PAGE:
MAKKAH — A recent study confirmed the effectiveness of the preventive measures taken by the government of Saudi Arabia in reducing the health risks of Hajj pilgrims associated with high temperatures during their performance of the pilgrimage rituals.

The study, which was headed by the Research and Innovation Center at King Faisal Specialist Hospital and Research Center, showed that despite the rise in temperatures in Makkah at a rate of 0.4 degrees Celsius per decade, heat stroke cases witnessed a decrease of 74.6 percent, and the death rate decreased by 47.6 percent, thanks to the preventive measures that contributed to enhancing the pilgrim’s experience and providing a healthy and safe environment for performing the rituals.

The study, which was published in the Journal of Travel Medicine, aims to examine the relationship between the increase in ambient temperatures during the Hajj season and the rates of infection with health risks associated with it over the past 40 years, and the effectiveness of preventive measures in mitigating its repercussions on the health of pilgrims.

The study reached its results by analyzing records of four decades of meteorological data, rates of sunstroke, and heat exhaustion during the Hajj season in Makkah.

According to the study, the measures taken by the Kingdom at the individual and societal levels to mitigate heat-related health risks for pilgrims during the Hajj season include the use of mist fans and water mist columns to cool the air in open spaces and reduce the heat on crowds of pilgrims, distributing water and umbrellas, and providing air-conditioned means of transportation, including the operation of the Mashair Train since 2010 to provide comfortable transportation for pilgrims.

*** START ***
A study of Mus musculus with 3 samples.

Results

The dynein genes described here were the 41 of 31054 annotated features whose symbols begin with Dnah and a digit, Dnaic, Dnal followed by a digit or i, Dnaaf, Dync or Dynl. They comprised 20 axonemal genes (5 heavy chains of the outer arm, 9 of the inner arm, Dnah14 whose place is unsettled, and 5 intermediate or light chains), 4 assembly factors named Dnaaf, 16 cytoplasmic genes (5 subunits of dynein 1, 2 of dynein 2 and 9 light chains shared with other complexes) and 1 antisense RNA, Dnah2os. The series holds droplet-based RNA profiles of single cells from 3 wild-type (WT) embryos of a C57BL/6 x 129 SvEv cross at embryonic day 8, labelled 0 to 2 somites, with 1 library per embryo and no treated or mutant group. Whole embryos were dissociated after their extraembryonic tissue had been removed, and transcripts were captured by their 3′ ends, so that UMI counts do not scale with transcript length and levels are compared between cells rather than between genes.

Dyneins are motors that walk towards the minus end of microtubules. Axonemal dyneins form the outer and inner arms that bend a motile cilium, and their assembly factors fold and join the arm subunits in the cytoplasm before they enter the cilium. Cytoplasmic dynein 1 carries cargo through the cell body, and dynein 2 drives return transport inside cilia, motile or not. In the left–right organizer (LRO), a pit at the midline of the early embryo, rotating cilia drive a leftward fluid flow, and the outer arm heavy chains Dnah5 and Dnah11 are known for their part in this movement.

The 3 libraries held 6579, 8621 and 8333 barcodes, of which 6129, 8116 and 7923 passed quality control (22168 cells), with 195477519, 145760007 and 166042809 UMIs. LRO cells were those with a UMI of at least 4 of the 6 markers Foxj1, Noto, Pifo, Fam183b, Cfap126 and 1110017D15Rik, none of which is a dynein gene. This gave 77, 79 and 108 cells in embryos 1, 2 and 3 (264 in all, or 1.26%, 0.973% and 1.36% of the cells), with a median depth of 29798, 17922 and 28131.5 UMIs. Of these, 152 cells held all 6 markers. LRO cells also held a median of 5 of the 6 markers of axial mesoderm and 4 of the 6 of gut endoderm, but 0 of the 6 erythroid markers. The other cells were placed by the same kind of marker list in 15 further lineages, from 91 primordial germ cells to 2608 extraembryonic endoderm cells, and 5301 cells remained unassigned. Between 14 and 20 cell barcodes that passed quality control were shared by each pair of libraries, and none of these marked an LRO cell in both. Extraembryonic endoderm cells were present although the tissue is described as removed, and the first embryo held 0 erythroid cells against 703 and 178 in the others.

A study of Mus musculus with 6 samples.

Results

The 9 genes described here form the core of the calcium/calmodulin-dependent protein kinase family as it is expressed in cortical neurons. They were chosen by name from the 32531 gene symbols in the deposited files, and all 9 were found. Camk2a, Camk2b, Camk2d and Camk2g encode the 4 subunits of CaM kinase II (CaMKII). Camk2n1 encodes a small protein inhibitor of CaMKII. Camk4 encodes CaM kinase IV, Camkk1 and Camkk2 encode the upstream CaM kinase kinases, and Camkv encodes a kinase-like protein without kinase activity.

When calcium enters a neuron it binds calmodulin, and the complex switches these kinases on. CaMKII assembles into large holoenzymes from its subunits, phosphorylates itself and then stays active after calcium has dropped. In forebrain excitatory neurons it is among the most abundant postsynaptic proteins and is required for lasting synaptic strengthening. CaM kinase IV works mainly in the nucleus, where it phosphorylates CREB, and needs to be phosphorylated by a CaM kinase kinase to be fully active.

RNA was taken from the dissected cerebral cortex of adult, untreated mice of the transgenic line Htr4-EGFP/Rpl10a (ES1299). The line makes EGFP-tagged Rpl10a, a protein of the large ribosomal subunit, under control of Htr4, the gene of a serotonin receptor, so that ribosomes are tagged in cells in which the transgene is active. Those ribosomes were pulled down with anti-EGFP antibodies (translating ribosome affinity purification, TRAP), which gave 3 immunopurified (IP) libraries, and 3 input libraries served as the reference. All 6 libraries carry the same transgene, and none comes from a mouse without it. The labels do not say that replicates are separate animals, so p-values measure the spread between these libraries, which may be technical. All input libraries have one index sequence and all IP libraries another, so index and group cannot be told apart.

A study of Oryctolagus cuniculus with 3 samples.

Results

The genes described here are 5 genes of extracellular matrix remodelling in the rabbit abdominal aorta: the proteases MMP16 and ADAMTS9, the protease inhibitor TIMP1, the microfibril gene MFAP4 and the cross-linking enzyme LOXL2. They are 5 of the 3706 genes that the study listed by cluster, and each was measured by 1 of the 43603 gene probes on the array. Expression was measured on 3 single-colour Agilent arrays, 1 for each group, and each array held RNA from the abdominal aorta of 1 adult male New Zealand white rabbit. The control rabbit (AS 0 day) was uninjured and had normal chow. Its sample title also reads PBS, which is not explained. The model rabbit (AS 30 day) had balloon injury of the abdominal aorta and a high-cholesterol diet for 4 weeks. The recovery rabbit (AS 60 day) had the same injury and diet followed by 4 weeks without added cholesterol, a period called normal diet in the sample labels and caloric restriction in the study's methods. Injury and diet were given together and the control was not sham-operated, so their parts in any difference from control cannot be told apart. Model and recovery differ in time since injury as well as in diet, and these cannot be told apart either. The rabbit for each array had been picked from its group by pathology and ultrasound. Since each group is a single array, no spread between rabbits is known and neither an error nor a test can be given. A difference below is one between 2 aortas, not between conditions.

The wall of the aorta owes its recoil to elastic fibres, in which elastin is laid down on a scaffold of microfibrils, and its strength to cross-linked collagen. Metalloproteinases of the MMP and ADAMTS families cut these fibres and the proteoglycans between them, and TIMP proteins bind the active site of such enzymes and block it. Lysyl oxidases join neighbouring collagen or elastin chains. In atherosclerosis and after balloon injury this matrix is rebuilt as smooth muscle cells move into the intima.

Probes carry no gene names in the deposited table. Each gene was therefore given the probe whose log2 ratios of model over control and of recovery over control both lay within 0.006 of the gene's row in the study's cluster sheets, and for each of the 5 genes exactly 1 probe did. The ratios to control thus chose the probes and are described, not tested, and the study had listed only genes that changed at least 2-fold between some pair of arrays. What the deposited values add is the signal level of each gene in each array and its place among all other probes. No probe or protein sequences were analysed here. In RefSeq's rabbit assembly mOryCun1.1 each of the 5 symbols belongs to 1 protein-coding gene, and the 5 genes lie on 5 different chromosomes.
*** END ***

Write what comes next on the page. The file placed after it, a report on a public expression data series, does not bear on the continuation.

Among the measures taken also included enhancing the awareness of pilgrims and health care providers about heat-related illnesses, ensuring access to free healthcare services in Hajj, and improving case monitoring and management. This includes implementing the heat-related illness management guidelines developed by the Saudi Ministry of Health, which include, implementing specific procedures before and after hospital admission, allowing rapid identification and management of heat-related cases during the Hajj season.

According to the study, the results are not limited to the local scale, but can be generalized to the world’s population, given the uniqueness of Hajj that makes it a unique microcosm for studying heat-related risks, as it attracts millions of pilgrims from more than 180 countries to perform rituals in a high-temperature desert environment in most days of the year. Hence, the study holds enormous scientific value for planning and improving the response to the increasing temperature rise around the world.